The Luck of the Irish...Or At Least People With Irish Names
November 18, 2018, 10:14 PM

He ran for judge, lost, changed parties, took Irish name, won Cook County race

Phillip Spiwak lost a judge’s race as a Republican. But he won after changing parties to Democrat and changing his name to Shannon P. O’Malley.

Abigail Blachman | Injustice Watch

… Irish-sounding names have long given Cook County judicial candidates an electoral edge. It also might not have hurt that O’Malley’s first name is gender-neutral in a year when Democratic women won elections up and down the ballot. …

He won by nearly 2,300 votes over Republican Daniel Fitzgerald despite failing to get the recommendations of bar associations after declining to submit information about his qualifications. …

“Daniel Fitzgerald” is clearly lacking in sufficient Vitamin I for Cook County politics. I suggest he change his name to “Clancy X. MacFitzgerald.”

In 2010, Albert Klumpp did a study that found judicial candidates with Irish- and female-sounding names in Cook County had an advantage, particularly in primaries or retention votes. But Klumpp says it’s more likely that O’Malley won not because of switching names but because he switched parties.

Poor Albert Klumpp might have a much better job, such as Cook County Recorder of Deeds, if only he weren’t named “Albert Klumpp,” which sounds like the fat kid in Charlie and the Chocolate Factory. So, maybe, Aloysius Kelly?

… Candidates in Cook County changing their names to Irish-sounding names happened often enough that the Illinois legislature passed a law requiring that a candidate’s old name also be listed on the ballot if the name change was made within three years before the election.

I’m reminded of the conversation in The Loved One by Evelyn Waugh between two Englishmen in 1940s Hollywood:

‘How are things at Megalo [Movie Studios]?’ asked Sir Ambrose.

‘Greatly disturbed. We are having trouble with Juanita del Pablo,’ [says Sir Francis Hinsley, a publicist at Megalo].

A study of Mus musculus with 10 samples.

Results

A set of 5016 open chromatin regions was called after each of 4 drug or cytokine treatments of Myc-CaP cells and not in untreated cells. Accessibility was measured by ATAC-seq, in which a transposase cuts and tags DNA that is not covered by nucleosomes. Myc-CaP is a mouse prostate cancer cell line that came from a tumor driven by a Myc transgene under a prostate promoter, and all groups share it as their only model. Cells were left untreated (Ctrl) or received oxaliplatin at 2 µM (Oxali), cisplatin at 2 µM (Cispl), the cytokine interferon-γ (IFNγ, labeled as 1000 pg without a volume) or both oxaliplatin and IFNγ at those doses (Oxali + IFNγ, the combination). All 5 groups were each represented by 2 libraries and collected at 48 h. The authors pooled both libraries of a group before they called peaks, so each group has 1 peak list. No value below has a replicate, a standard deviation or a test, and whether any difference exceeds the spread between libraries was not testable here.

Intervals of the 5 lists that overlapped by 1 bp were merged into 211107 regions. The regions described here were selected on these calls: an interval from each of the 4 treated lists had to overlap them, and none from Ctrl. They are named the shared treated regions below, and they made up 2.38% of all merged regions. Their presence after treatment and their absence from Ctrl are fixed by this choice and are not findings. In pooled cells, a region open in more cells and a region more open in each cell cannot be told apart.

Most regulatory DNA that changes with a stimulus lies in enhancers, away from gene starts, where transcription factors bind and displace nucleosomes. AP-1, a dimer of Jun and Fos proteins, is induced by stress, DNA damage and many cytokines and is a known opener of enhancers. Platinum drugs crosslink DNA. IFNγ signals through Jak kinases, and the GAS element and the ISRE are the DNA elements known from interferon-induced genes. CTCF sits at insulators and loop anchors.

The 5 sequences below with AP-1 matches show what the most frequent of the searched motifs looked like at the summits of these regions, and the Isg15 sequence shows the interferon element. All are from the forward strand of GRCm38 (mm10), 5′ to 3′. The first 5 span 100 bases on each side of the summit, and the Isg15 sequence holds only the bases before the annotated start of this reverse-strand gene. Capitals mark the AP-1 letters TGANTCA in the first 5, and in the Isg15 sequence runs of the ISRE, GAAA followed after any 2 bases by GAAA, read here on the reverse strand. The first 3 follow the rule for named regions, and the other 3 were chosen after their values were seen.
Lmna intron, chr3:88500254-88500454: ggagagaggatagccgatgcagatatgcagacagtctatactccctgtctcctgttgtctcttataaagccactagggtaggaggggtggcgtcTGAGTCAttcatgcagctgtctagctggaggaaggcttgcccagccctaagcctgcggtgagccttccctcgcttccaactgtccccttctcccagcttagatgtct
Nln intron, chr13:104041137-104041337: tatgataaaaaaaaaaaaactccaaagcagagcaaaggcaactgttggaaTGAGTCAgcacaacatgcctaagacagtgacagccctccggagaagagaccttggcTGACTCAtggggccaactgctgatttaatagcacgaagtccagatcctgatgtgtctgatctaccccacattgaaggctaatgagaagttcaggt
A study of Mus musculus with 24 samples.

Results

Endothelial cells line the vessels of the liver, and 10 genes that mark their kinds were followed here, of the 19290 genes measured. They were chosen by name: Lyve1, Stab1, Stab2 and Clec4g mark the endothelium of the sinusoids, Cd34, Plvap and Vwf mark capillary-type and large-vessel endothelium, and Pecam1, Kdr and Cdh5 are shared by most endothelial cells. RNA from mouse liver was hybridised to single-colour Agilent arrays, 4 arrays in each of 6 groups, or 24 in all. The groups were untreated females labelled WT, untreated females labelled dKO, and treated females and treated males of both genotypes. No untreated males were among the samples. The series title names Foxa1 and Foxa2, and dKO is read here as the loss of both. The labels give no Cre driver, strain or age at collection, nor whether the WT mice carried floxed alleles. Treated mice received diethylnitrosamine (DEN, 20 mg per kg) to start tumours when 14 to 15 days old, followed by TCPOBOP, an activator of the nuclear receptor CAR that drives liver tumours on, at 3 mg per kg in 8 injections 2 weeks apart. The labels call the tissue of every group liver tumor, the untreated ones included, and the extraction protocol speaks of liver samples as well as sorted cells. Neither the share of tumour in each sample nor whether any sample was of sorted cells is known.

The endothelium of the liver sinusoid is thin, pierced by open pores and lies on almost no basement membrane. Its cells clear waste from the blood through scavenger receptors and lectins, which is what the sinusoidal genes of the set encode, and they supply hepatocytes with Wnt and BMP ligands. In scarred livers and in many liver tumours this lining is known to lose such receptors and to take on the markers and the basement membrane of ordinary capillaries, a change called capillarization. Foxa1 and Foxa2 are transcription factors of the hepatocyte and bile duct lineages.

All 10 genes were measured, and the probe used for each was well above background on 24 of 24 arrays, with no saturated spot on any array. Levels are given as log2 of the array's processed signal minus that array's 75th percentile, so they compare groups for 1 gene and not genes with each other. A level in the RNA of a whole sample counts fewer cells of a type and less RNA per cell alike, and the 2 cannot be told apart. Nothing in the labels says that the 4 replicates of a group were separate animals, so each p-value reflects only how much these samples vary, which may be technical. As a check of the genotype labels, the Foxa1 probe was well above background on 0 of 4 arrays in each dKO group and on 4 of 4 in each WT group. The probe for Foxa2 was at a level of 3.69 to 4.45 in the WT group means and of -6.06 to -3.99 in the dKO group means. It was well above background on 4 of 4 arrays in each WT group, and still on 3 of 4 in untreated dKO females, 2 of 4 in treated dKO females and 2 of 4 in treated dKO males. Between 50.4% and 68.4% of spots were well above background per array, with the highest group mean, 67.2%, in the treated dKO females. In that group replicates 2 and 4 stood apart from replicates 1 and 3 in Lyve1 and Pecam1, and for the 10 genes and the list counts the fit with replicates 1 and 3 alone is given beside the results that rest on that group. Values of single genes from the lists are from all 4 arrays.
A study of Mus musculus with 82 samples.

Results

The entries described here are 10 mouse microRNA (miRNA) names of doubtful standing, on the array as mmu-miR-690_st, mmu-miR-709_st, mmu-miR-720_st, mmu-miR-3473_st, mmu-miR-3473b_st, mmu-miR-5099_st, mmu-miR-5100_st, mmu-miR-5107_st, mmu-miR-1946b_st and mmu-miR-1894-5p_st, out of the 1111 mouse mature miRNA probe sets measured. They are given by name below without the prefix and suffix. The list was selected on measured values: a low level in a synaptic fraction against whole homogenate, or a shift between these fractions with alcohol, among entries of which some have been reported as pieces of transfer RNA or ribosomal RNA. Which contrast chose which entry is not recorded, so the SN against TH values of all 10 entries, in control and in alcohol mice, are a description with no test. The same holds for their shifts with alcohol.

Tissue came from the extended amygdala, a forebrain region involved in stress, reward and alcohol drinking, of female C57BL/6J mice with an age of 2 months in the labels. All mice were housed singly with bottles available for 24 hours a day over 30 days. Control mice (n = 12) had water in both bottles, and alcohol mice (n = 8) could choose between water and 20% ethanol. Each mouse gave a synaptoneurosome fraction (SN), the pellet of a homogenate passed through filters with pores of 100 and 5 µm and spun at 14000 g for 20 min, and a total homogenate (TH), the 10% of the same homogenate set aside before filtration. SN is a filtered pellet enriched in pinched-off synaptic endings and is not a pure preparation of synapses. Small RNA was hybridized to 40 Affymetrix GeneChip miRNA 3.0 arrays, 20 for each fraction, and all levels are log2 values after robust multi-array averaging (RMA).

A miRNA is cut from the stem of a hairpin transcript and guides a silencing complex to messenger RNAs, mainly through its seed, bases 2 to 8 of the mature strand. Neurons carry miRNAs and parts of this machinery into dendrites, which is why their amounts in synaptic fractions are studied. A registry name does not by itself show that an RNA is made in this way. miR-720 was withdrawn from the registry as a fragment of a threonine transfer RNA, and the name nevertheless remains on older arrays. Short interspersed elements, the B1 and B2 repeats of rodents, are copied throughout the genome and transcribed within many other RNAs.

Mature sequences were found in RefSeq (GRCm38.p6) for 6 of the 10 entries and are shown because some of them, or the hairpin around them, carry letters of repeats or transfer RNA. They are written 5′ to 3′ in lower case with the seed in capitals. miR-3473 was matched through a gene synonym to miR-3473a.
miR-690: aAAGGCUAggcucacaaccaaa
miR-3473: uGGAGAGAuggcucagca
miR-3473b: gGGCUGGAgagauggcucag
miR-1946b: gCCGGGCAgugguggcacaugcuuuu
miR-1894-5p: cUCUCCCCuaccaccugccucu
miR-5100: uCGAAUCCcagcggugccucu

‘”Luscious, languid and lustful”?’

‘Those are not the correct epithets. She is—or rather was—”Surly, lustrous and sadistic.” I should know because I composed the phrase myself. It was a “smash-hit”, as they say, and set a new note in personal publicity.

‘Miss del Pablo has been a particular protégée of mine from the first. I remember the day she arrived. Poor Leo bought her for her eyes. She was called Baby Aaronson then—splendid eyes and a fine head of black hair. So Leo made her Spanish. He had most of her nose cut off and sent her to Mexico for six weeks to learn Flamenco singing. Then he handed her over to me. I named her. I made her an antifascist refugee. I said she hated men because of her treatment by Franco’s Moors. That was a new angle then. It caught on. …”

‘And now there’s been a change of policy at the top. We are only making healthy films this year to please the League of Decency. So poor Juanita has to start at the beginning again as an Irish colleen. … She’s working ten hours a day learning the brogue and to make it harder for the poor girl they’ve pulled all her teeth out. …

‘I’ve spent three days trying to find a name to please her. She’s turned everything down. Maureen—there are two here already; Deirdre—no one could pronounce it; Oonagh—sounds Chinese; Bridget—too common.

Off topic, but I just noticed that the basic idea for the famous scene in the Coens’ Hail, Caesar! of an English director trying to teach a cowboy actor a drawing room accent is from the 1965 movie adaptation of The Loved One with John Gielgud, as Sir Francis, trying to instruct Dusty Acres how to speak like James Bond.

The 1965 The Loved One, with a screenplay by Terry Southern that’s kind of a cross between Dr. Strangelove and It’s a Mad, Mad, Mad, Mad World, is a notoriously Not Good movie, but I wonder how many more rudiments of good ideas could be mined from its bulk?

For example, as I pointed out a few years ago, Billy Wilder’s famous Sunset Boulevard started out as an adaptation of The Loved One (the 1948 novel, not its 1965 movie adaptation), but the studio couldn’t get Waugh to sell the rights, so Wilder switched to an original story with one scene in common, the man from the animal mortuary bit.

Waugh would likely have been better off selling the rights so Wilder could film the adaptation than 15 years later so Tony Richardson could shoot it.